The stereotype that military women are limited to nursing jobs is long gone. Today, the Navy offers a broad range of medical jobs to its recruits. While it features traditional medical practitioner positions for doctors, nurses and dentists, the Navy's healthcare infrastructure is much broader than just providing direct patient care. Jobs in today's Hospital Corps include scientific research, medical support and healthcare administration.
The Navy employs more than 4,300 doctors spanning 30 specialties, as of 2013. Physicians work in hospitals, in clinics and at sea. Many Navy physicians do the same type of medicine that you'd find at any civilian hospital or medical center. The nature of naval medicine also offers particular opportunities for specialization, such as undersea medicine and aerospace medicine, as well as access to advanced technology, such as NASA-developed probes that use light-emitting diode for rapid wound healing. Being a doctor in the Navy also means that you don't have to pay for malpractice insurance, set up an office or deal with billing issues.
As many as 1,200 Navy dentists practice in 13 specialties in locations worldwide, as of 2013. Naval dental practices can be varied and go well beyond providing basic care to service members and their families. Dentists may provide global humanitarian relief to repair the smiles of service members who suffered injuries in combat. Naval dentists get the opportunity to hone their skills. Furthermore, the experience of serving in the military helps to develop a sense of pride and honor, and a work ethic that can help a dentist succeed in private practice after the Navy.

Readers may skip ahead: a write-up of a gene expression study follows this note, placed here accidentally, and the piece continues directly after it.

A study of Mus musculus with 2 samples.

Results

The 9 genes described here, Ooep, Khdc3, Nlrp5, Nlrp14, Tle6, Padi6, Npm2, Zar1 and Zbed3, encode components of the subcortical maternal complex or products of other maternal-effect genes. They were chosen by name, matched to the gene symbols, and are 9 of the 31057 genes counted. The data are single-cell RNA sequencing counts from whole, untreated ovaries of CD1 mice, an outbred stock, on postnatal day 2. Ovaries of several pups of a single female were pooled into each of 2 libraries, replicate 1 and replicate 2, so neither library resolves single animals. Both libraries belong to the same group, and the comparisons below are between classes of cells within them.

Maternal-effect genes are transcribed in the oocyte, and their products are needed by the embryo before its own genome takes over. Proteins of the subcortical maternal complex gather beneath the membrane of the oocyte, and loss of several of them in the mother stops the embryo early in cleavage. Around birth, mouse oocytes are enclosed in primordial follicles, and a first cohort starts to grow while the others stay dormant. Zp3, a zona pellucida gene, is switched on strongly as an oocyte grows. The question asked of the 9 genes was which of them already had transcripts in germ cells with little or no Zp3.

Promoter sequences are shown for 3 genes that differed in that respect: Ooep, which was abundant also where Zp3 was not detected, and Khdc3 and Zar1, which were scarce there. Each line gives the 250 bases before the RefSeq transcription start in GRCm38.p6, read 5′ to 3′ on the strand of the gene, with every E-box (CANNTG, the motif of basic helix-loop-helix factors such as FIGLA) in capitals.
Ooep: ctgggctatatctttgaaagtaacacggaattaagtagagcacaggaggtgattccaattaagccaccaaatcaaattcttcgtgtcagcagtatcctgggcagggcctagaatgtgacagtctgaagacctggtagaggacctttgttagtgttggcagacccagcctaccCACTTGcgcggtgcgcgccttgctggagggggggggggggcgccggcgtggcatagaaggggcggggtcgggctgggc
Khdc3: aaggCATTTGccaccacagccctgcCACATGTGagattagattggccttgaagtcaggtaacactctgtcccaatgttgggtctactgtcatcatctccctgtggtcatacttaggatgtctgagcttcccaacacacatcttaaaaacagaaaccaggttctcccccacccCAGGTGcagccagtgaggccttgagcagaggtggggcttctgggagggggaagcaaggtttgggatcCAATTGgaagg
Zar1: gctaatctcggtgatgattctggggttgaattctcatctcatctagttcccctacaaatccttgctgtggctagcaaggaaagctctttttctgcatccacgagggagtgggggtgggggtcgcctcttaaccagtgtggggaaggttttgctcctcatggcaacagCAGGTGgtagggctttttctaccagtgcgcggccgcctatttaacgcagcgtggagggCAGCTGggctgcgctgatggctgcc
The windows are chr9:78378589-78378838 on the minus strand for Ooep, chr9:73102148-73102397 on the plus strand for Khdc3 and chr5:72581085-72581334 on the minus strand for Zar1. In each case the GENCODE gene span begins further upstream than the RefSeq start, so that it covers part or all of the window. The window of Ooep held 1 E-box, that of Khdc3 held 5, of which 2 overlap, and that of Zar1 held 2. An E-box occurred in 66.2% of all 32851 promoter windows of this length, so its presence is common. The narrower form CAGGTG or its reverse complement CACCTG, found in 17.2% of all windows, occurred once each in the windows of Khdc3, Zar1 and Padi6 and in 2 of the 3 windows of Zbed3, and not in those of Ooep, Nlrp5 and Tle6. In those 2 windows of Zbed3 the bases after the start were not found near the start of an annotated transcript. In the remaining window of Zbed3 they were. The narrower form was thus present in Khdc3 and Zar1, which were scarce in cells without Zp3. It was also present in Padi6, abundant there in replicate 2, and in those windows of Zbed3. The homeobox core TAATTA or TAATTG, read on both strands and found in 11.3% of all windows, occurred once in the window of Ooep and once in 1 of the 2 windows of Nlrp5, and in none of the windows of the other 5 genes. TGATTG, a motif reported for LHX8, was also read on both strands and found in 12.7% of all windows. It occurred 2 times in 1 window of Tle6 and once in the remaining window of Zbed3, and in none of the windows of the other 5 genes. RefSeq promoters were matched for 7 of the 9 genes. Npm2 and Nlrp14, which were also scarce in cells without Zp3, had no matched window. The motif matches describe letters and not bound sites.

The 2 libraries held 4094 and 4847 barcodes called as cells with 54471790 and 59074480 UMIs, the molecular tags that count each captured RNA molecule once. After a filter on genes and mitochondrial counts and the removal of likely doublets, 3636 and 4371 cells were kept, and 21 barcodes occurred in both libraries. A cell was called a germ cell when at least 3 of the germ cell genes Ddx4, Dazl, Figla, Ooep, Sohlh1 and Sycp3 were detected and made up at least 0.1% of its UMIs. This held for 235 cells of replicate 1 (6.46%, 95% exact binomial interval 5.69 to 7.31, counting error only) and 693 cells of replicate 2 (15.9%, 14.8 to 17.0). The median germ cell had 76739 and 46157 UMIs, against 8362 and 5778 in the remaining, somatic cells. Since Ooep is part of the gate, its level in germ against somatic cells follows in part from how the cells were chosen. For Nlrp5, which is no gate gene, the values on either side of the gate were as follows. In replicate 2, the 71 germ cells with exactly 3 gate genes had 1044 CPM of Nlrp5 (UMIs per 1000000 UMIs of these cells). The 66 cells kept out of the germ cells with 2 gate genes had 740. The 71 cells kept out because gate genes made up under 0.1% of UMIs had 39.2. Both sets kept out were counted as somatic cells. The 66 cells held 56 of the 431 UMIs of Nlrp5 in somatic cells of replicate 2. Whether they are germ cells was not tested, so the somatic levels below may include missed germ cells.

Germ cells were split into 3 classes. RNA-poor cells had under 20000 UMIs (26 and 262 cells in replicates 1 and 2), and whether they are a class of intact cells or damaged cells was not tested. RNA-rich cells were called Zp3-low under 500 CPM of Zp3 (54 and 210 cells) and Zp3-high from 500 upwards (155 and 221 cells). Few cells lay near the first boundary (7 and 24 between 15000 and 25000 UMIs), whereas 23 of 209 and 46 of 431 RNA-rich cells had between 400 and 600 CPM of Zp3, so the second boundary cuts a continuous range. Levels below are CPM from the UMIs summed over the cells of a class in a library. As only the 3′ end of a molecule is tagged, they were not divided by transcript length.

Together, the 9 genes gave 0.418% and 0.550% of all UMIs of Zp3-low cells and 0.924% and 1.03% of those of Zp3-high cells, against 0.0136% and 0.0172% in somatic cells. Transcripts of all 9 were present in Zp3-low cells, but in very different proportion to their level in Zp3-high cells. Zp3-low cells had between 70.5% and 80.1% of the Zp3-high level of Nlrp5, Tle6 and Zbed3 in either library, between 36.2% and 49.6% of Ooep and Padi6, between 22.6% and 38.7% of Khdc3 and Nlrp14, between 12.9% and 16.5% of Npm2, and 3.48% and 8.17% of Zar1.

While medical and surgical nursing and emergency trauma nursing positions are core parts of the Navy Nurse Corps, Navy nurses also analyze staffing systems, manage training programs and serve as pediatric nurse practitioners. Navy nurses have provided emergency care after the Haitian earthquake; vaccinated children in Colombia; and cared for sailors on hospital ships at sea. They also get to use cutting-edge technology, such as radio frequency identification patient trackers, that reduce paperwork.
Medical Service Corps
The Navy's 2,600-person strong Medical Service Corps spans four broad areas -- administration, the sciences, clinical care and medical support. Opportunities range from patient contact positions, such as audiology, optometry and podiatry, to research positions in radiation health. Navy health care administrators ensure that sailors, Marines and their families have access to the supplies, facilities and care that they need across a global network.
Navy Medicine Benefits
Building a naval medical career starts by joining the Navy. You must be between the ages of 18 or 21, depending on the position, and 41, and you must be able to pass the Navy's physical and medical examinations. If you're already practicing, the Navy may offer you a generous signing bonus or help with your student loans. Students who are looking to start a medical career may be able to get the Navy to pay for their education.
Steve Lander has been a writer since 1996, with experience in the fields of financial services, real estate and technology. His work has appeared in trade publications such as the "Minnesota Real Estate Journal" and "Minnesota Multi-Housing Association Advocate." Lander holds a Bachelor of Arts in political science from Columbia University.